The online magazine on the history and operation of vintage scale model trains in American OO gauge

Friday, October 14, 2011

1939, the Peak Year: Part I, Statistics and a Movie

To open, we have a few cold, hard statistics. The below are actually copied from a post I found at trains.com, which summarize the relative popularity of HO and OO gauges in the surveys done by Model Railroader magazine. 1939 was the peak year in terms of their statistics, and was a great year in terms of OO gauge products as well.

1936 HO - 36%, OO - 2.1%
1937 HO - 33.9%, OO - 10.3%
1938 HO - 36.5, OO - 10.6%
1939 HO - 39.3%, OO - 16.9%
1940 HO - 46.3%, OO - 13.6%
1941 HO - 45.6%, OO - 14.8%
1942 HO - 53.5%, OO - 13.6%
1943 HO - 48.9%, OO - 12%
1944 - no poll
1945 - no poll
1946 - no poll
1947 HO - 54.9%, OO - 8.5%
1948 HO - 62%, OO - 6.5%
1949 HO - 69.3%, OO - 2.1%

OO was basically always a minority scale, but 1939 was a big year and they were almost 17% of the market, nothing to sneeze at. As I started with the survey in Model Railroader, the complete results for 1939 were published in their June issue. There are a variety of stats to mull over, but I would highlight these two:

  • 2 rail OO was more common than 3 rail. This would indicate that the new S-C line was really impacting the market as they were the firm that pushed the 2 rail market into the forefront.
  • The New York Central, Pennsylvania, and Southern Pacific were the three most popular prototype lines. Which was clearly reflected in the products of the day.

They also published quotes from the replies that they received. I would highlight this one, which was a common complaint of the day “Wish OO manufacturers would standardize on couplers and motors.”

As it was highlighted in the January issue of Model Railroader I would also like to highlight in this first part of the 1939 series a four reel movie. To quote MR,
The delights of model railroading as a hobby are well displayed in a four-reel 16 mm. motion picture, which has been completed by Lloyd Combs, an Oakland, Calif., professional motion picture photographer. The film is well arranged and cleverly photographed.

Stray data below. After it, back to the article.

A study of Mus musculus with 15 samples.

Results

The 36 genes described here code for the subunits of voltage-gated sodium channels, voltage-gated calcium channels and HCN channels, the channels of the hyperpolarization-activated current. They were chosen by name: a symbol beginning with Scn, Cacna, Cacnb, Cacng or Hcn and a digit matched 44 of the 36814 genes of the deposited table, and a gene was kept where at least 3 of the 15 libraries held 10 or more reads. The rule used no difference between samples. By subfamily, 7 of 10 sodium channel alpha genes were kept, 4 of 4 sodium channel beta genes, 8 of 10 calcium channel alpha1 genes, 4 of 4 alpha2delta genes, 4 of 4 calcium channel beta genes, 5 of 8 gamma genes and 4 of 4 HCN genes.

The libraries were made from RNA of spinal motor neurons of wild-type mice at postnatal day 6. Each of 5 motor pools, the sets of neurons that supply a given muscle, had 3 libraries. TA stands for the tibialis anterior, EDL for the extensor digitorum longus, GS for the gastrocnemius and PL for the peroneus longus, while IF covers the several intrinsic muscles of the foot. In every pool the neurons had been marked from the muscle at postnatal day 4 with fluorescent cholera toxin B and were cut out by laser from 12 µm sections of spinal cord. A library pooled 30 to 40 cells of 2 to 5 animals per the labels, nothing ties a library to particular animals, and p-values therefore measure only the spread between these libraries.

Object of the film is to sell the hobby to the uninitiated.
The reel that would be most fascinating to see would be reel one, which “is devoted to HO and OO gauges.” In the article however nine stills from the movie are included, which are spread out over this article. The caption for the stills reads:
The portion of reel one showing the construction of a complete OO gauge railroad from Scale-Craft kits was filmed over a period of several months. However, the various takes have been so cleverly spliced together and edited that the entire railroad project, from purchase of original kit to test runs before admiring family, seems to take but 15 minutes.
Note that the first photo shows a boxed Scale-Craft train set kit—perhaps the Holy Grail of all OO collecting—and the blueprint version of the instructions. I have never seen these printed as blueprints, but if you have them in this form they must be very early production. It must have been quite the family project!

As always, click on any photo for a better view. When I return to this series it will proceed initially from manufacturer to manufacturer, starting in with Nason. There is a lot of ground to cover, so this will take a while. The peak year!

Continue to Part II of 1939 Series

2 comments:

Steve Neubaum said...

When you mention "Blueprint" instructions, do you mean plan and elevation type drawings on a standard white (now yellowed somewhat) large sheet of paper, or are you specifically referring to true "blue" blueprints? I have a Scale-Craft instruction sheet that shows plan and elevation drawings of the completed car. Would have to dig it out to give specific details. If I find it, I will be happy to try to scan it for you for your site. Thanks.

John Ericson said...

Yes, true "blue" blueprints, I have not seen these in person. In the photos from the movie the instructions are not line drawings printed on plain (white) paper, they are reverse images on dark paper. All I have ever seen or owned are printed on white (now yellowed) paper.